How ‘Bout Those Awesome Arachnids!
It's been about a week now since I joined SciLogs as a blogger. Thank you all for the great welcome!
One of the things I've enjoyed as a new member of SciLogs is exploring my fellow bloggers' sites.
One blogger, Christopher Buddle, quickly caught my attention. His blog is named Expiscor. Buddle's now on hiatus, but I'm particularly drawn to some of his subjects — those wild and crazy arachnids. If you check out Buddle's blog entries and his twitter feed, you'll see that he studies and writes about these leggy creatures and he tweets some great spider images.
Here in the Sonoran desert we have some amazing arachnids — tarantulas and scorpions, for example. Living among them is not as bad as you might think. As a matter of fact some of our venomous (not poisonous) arachnids are pretty fascinating. Scorpions happen to be my favorites. [Note: not all arachnids are venomous.]
Scorpions are notorious hitchhikers. In 2008 a West Virginia girl was stung by a scorpion lurking in a display of watermelons at a Wal-Mart and in 2009 the Winkler Post recounted the story of a scorpion found by U.S. Customs and Border Protection agriculture specialists at the Miami International Airport on the bag of a passenger from El Salvador.
In 2011 ABC News reported that an Oregon man by the name of Jeff Ellis, on a red-eye flight from Seattle to Anchorage, was stung by a striped bark scorpion that had probably stowed away in the baggage of an earlier passenger from Texas. The victim recovered quickly, and the airline gave him 4,000 frequent-flyer miles and two round-trip tickets to compensate for the inconvenience.
In one of the most disturbing versions of the hitchhiking story, ABC News described an incident involving a Southwest Airlines passenger. The passenger, Doug Herbstommer, was traveling from Phoenix to Indianapolis when a scorpion in his carry-on baggage stung him. A total of six scorpions, including babies, were found in the overhead bin after all the passengers disembarked.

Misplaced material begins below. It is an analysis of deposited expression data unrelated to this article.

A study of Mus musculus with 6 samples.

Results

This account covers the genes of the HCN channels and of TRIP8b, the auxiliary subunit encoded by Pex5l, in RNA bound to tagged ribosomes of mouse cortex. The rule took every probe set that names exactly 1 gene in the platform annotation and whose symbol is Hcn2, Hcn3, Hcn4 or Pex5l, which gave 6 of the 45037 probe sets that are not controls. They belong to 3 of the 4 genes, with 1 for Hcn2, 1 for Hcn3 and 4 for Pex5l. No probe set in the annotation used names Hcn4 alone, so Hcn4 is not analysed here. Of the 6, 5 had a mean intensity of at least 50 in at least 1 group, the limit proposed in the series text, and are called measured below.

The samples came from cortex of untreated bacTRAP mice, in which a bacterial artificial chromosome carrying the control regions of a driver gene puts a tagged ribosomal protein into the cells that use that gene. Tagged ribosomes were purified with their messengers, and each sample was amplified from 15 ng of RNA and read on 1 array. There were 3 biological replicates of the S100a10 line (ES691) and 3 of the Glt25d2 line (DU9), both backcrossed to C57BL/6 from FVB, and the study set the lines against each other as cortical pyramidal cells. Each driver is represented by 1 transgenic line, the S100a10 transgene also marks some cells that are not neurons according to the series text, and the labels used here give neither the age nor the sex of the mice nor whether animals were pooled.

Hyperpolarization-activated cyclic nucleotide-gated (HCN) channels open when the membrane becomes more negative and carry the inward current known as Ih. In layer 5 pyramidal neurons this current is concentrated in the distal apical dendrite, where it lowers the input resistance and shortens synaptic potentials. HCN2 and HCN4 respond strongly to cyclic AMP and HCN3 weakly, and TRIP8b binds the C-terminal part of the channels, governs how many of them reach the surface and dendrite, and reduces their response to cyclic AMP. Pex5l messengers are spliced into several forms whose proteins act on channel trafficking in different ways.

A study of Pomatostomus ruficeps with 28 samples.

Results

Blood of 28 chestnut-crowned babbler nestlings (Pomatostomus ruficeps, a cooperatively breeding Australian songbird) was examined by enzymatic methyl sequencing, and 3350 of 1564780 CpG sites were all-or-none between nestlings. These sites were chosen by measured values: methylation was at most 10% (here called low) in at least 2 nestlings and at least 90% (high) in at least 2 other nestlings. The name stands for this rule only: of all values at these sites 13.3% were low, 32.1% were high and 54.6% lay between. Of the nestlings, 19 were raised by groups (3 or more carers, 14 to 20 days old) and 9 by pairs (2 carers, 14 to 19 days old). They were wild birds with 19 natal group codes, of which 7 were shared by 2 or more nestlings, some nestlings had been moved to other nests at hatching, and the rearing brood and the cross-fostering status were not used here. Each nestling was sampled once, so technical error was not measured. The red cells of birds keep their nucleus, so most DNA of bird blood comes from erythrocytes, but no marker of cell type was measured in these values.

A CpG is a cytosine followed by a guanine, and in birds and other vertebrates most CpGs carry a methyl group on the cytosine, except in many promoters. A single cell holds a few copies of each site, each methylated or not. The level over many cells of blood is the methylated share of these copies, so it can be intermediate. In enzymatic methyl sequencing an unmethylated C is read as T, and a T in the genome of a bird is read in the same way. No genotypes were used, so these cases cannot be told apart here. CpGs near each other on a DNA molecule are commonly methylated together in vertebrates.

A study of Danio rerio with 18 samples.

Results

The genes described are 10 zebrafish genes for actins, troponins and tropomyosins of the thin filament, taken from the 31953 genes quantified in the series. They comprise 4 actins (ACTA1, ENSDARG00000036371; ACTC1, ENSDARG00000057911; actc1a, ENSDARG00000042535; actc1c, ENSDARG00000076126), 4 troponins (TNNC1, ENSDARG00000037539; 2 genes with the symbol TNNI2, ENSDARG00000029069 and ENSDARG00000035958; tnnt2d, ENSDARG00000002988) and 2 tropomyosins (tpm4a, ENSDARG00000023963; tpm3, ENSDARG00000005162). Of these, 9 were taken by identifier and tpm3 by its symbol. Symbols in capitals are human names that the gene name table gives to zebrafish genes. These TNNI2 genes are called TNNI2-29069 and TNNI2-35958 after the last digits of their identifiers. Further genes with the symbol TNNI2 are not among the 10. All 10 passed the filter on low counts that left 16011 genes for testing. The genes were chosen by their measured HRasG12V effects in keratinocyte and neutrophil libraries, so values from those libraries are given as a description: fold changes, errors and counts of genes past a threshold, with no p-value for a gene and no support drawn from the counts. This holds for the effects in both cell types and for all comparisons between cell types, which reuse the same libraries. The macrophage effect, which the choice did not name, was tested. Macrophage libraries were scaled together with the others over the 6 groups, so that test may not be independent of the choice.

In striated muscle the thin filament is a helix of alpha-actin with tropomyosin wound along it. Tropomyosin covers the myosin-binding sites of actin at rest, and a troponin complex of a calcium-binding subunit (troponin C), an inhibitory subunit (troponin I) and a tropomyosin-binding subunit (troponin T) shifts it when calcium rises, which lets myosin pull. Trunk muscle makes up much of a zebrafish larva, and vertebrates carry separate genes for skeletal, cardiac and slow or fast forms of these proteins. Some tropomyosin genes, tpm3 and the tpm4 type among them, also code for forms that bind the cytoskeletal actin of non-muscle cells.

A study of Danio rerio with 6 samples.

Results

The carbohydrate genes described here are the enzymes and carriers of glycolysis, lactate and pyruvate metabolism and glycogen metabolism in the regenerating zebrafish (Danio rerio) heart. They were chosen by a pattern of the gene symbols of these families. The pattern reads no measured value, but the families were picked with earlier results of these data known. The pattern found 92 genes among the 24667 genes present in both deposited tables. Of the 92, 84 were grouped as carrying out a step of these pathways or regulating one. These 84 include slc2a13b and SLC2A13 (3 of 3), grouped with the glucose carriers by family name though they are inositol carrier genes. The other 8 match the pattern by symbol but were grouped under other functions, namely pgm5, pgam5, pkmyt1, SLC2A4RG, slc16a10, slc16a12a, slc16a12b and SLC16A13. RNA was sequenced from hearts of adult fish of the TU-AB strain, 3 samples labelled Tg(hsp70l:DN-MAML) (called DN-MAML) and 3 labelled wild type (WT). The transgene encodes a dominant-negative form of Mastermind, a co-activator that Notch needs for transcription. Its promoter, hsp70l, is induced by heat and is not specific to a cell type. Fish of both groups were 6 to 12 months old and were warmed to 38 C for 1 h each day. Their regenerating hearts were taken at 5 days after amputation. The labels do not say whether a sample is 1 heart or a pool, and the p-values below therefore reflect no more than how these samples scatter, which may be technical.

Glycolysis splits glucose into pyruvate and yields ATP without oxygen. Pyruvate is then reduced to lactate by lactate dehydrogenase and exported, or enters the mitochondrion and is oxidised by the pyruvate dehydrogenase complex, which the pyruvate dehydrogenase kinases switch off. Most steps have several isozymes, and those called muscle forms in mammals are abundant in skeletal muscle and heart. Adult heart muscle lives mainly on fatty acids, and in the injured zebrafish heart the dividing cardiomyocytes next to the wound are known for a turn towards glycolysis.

Although airline officials say scorpion stowaways are rare, there are many reports about scorpions hitching a ride. As Rare Disease Therapeutics, Inc., the company that helped shepherd a scorpion anti venom through the FDA approval process points out, “It’s rare until it happens to you.”
Arizona's most infamous scorpion is the bark scorpion. It's venom is particularly dangerous to young children and vulnerable adults. In 2011 the Food and Drug Administration approved a next-generation scorpion antivenom (Anascorp) for the treatment of bark scorpion stings.
There's a bark scorpion genome project in progress, and I'm anxiously awaiting an article that will explain the features of the genome. The bark scorpion project is part of the i5K Initiative which will eventually sequence the genomes of 5000 arthropods (arachnids fall within the phylum arthropoda). The bark scorpion genome sequencing is part of the initiative's 28-arthropod pilot project.
Why study the genome of a venomous arachnid? One reason is that venom, while it can kill, might also have healing properties. For example, read the 2013 story of the boy who found relief from the pain of his ankylosing spondylitis after he'd been stung by a bark scorpion.
There's a lot more to say about arachnids, but for now I'll leave you with one thought. Next time you see a spider in your shower, just celebrate those awesome arachnids. Someday the venom of one of them just might cure what ails you.
One for the road — Who can tell me the name of this awesome arachnid?